You are viewing the content for Thursday 10 January 2013

Fahamore foils favourite

Raised 10lb. for a repeat win in a handicap hurdle in Limerick over Christmas, the Eddie Harty-trained Fahamore followed-up when foiling the Willie Mullins-trained favourite Abbey Lane in the Buy Tickets On-Line Rated Hurdle in Fairyhouse yesterday.

Ridden by Niall ‘Slippers’ Madden, the J P McManus-owned six-year-old edged ahead early on the run-in, before Ruby Walsh rallied the favourite with only a short-head separating them at the line.

The winning trainer commented: "I thought the 10lb. he went up for Limerick was hefty. But the handicapper was right and I was wrong.

"He’s won his first two of the season and you can’t ask any more than that. He’ll go back handicapping and, although he handles that ground well, which is a huge plus, he might be better on better ground."

Champion-jockey Davy Russell, who rode ninth-placed Start Me Up, was later suspended for one race-day, when found guilty of using his whip when his chance of winning had gone.

The Willie Mullins/Ruby Walsh partnership also came off second best in the opening Racegoers Package Maiden Hurdle when Sarabad, filling the runner-up spot for a third consecutive time, failed to cope with the Colm Murphy-trained Mister Hotelier.

Ridden by Robbie Power, Mister Hotelier prevailed by a length and three-quarters and his trainer said: "That makes up a little for the last day, when he wasn’t right after the race. He was entitled to win on his bumper form and is going the right way. We’ll see what mark the handicapper gives him and he should pay his way. He might improve on a bit of nicer ground."

Trainer Aaron Stronge had cause for double celebration when Andrew McNamara partnered his charge Carsonstown Bridge to a gutsy, half-length win over Some Drama in the Fairyhouse Membership Maiden Hurdle..

The County Down handler, celebrating his birthday, was recording his first racecourse success and admitted: "That wasn’t before its time. We hit the post that many times with him, I thought we had knocked it over. Two and a half miles is probably ideal in that ground, although he should stay further when it dries up. I suppose we’ll come back for a handicap somewhere."

Without a win since last February, Mister First, trained by Robbie Hennessy for his father Bill, came good under a patient Andrew Lynch ride in the Home Of The Ladbrokes Irish Grand National Novice Handicap Hurdle.

The seven-year-old, whose only previous success was recorded over fences, stretched clear to beat Peace In The West by nine-and-a-half lengths and Robbie Hennessy stated: "He’s back, at last, and deserved that. He’s a tricky horse to ride, and Andrew knows him so well. You have to sit and sit on him and, when you get there, you have to drive him out, because he does very little in front."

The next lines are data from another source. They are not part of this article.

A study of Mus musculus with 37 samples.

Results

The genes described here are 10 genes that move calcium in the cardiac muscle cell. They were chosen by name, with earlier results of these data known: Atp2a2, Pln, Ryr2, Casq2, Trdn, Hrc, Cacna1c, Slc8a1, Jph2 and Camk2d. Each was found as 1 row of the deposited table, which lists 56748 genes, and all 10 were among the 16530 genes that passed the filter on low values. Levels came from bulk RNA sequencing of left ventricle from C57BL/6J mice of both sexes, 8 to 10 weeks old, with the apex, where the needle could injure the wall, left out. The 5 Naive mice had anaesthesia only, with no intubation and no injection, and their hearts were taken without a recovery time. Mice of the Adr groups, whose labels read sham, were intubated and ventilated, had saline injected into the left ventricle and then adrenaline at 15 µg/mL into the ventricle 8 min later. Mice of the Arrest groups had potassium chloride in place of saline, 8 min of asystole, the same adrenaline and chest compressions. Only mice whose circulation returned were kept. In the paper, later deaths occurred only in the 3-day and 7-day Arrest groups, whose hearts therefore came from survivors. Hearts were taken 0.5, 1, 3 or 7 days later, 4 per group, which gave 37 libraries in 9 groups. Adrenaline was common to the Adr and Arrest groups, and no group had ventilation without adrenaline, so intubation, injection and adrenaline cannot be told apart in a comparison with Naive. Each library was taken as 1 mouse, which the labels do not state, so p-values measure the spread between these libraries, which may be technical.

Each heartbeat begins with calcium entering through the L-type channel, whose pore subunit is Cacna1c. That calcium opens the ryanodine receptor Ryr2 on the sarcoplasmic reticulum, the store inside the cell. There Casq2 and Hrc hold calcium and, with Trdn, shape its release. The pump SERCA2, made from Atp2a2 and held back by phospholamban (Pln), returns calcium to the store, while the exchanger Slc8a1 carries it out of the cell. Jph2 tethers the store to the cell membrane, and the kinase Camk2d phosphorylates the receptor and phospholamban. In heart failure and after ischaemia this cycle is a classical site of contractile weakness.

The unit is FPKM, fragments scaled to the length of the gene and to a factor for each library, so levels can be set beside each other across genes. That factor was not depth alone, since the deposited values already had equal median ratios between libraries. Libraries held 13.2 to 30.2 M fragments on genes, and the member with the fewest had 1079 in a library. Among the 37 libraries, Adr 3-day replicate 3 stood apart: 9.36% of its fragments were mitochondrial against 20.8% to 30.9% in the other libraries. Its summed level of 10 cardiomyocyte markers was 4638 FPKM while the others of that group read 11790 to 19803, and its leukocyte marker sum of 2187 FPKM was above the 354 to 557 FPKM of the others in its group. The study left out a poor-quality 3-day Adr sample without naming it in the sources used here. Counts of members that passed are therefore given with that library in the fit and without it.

Hennessy confirmed that Mister First will now go back chasing in a two-and-a-half mile handicap on Thyestes day in Gowran Park.

Out of luck with Peace In The West, Francis Flood gained compensation when 5/2 favourite Miss Xian landed the Follow Fairyhouse On Facebook Handicap Hurdle, prompting Fran Jnr. to explain: "She’s tough and from the same family as Couldntbebetter. So it’s worth a lot to get a win on her card."

Dunroe Boy, which finished second, was subsequently disqualified and placed fourth, his rider Ian McCarthy picking-up a five-day ban for using his whip with excessive frequency and not allowing his mount time to respond.

The colours of owner Michael O’Dowd made a welcome return to the winner’s enclosure when the Tom Foley-trained Whatdreamsrmadeof broke her duck in the Follow Fairyhouse On Twitter Handicap Hurdle.

A first winner since October for Roger Loughran, the Beneficial mare was close to the pace throughout before forging clear to triumph by seven lengths. A delighted Foley commented: "We would have gone home disappointed if he had been beaten."

The Lalor family struck in the mares bumper when the home-bred Old Vic mare Carrigeen Lonicera outstayed Kymin’s Way.

Trained by Dick Lalor, Carrigeen Lonicera provided his daughter Liz, out of action due to injury for the second half of last year, with her first racecourse success since February. The winning trainer said: "She’ll make a lovely staying chaser in time. But she took time to learn her trade in point-to-points before winning well in Killaloe."